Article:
Wednesday, September 14, 2016

From the Washington Examiner: Hearing a showdown between First Amendment and Congress

The story raises federalism issues as well, and highlights recent activities involving the House Science Committee chaired by Texas Republican Lamar Smith.

- Click here for the article.

Wednesday hearing in the House is shaping up to be a battle between First Amendment rights and Congress' subpoena authority in its own investigations.

The House Science, Space and Technology Committee will hold a hearing assessing subpoenas issued by Chairman Lamar Smith, R-Texas, to two state attorneys general and a number of scientific groups. Smith issued the subpoenas earlier this summer to get documents related to the climate change investigations of Exxon Mobil by New York and Massachusetts attorneys general.

New York Attorney General Eric Schneiderman, Massachusetts Attorney General Maura Healey and a number of scientific groups, including the Union of Concerned Scientists, have refused to comply with Smith's subpoenas. The attorneys general cite federalism concerns, while the groups say their First Amendment rights are being infringed upon.

On Wednesday, four law professors will go in front of the committee and assess whether Smith's subpoenas are valid. A committee aide said the goal is to show the subpoenas are valid and to force the groups into complying with them given that some of them have not shown they're willing to work with the committee.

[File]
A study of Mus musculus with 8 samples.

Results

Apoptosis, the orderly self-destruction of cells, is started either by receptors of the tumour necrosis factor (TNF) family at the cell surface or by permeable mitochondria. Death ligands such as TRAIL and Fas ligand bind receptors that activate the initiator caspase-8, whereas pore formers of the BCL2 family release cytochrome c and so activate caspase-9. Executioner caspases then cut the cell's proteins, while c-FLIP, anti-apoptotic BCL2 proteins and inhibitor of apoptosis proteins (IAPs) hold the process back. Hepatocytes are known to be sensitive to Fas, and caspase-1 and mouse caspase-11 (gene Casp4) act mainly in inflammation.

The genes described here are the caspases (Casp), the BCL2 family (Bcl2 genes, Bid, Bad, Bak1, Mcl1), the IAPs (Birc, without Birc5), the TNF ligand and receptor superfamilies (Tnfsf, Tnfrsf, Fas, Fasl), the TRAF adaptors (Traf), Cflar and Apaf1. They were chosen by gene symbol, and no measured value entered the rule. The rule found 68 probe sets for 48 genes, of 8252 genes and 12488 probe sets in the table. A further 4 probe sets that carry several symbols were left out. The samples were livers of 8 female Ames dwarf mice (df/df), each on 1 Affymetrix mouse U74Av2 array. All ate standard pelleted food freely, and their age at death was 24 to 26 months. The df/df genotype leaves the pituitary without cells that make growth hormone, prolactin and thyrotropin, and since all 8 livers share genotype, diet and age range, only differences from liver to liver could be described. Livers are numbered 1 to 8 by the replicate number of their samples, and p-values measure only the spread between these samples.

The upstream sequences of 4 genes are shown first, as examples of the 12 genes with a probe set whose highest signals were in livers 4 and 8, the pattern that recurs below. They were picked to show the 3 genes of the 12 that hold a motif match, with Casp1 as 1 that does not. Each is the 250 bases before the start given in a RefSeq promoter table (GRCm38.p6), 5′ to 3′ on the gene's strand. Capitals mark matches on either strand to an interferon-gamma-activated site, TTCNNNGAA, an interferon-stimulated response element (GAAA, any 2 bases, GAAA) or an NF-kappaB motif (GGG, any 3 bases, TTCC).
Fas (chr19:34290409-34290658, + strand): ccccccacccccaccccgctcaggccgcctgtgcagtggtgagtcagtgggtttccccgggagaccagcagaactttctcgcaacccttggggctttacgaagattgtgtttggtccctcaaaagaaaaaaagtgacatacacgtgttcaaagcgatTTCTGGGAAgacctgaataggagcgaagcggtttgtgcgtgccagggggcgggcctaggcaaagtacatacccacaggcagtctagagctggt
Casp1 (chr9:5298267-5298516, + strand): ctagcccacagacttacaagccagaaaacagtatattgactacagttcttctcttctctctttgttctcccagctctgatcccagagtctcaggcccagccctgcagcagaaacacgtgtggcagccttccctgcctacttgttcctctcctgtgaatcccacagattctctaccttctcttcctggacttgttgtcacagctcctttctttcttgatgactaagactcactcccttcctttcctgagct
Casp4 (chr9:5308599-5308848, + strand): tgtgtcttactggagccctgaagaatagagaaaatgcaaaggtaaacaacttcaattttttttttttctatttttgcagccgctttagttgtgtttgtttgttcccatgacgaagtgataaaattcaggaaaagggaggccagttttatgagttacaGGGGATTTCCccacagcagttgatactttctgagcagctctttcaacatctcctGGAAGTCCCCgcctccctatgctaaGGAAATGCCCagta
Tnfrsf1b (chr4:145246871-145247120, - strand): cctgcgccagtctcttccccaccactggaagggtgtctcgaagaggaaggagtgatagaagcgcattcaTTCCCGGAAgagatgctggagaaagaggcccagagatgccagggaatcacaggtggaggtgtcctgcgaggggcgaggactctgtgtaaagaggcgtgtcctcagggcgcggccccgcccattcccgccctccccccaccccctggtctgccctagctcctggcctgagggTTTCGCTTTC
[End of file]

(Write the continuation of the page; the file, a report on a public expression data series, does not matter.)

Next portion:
"We're really seeing an obstruction of a congressional investigation," the aide said.

Eight organizations, in addition to the two attorneys general, received subpoenas from Smith in July. None has complied, though negotiations are ongoing.

Smith will hope to show that the subpoenas are valid under the three-pronged test set out by the Supreme Court for congressional investigations. According to that test, the subpoenas need to be issued by a committee with legislative jurisdiction over the subject matter, have a valid legislative purpose and be asking questions pertinent to the investigation.

Smith argued in a letter to the attorneys general this summer that his committee is investigating if Schneiderman and Healey are taking actions that would have a chilling effect on research and development funding. Research and development funding is, with the exception of military and medical funding, under the committee's purview.

- Click here for the hearing.

The title is: Full Committee Hearing - Affirming Congress’ Constitutional Oversight Responsibilities: Subpoena Authority and Recourse for Failure to Comply with Lawfully Issued Subpoenas.

For news coverage:

House Science Committee Hearing an Attempt to Justify Unconstitutional Investigation.
Constitutional scholars to House climate deniers: No witch hunt of Exxon critics.
Congress should ask what Exxon knew about climate change.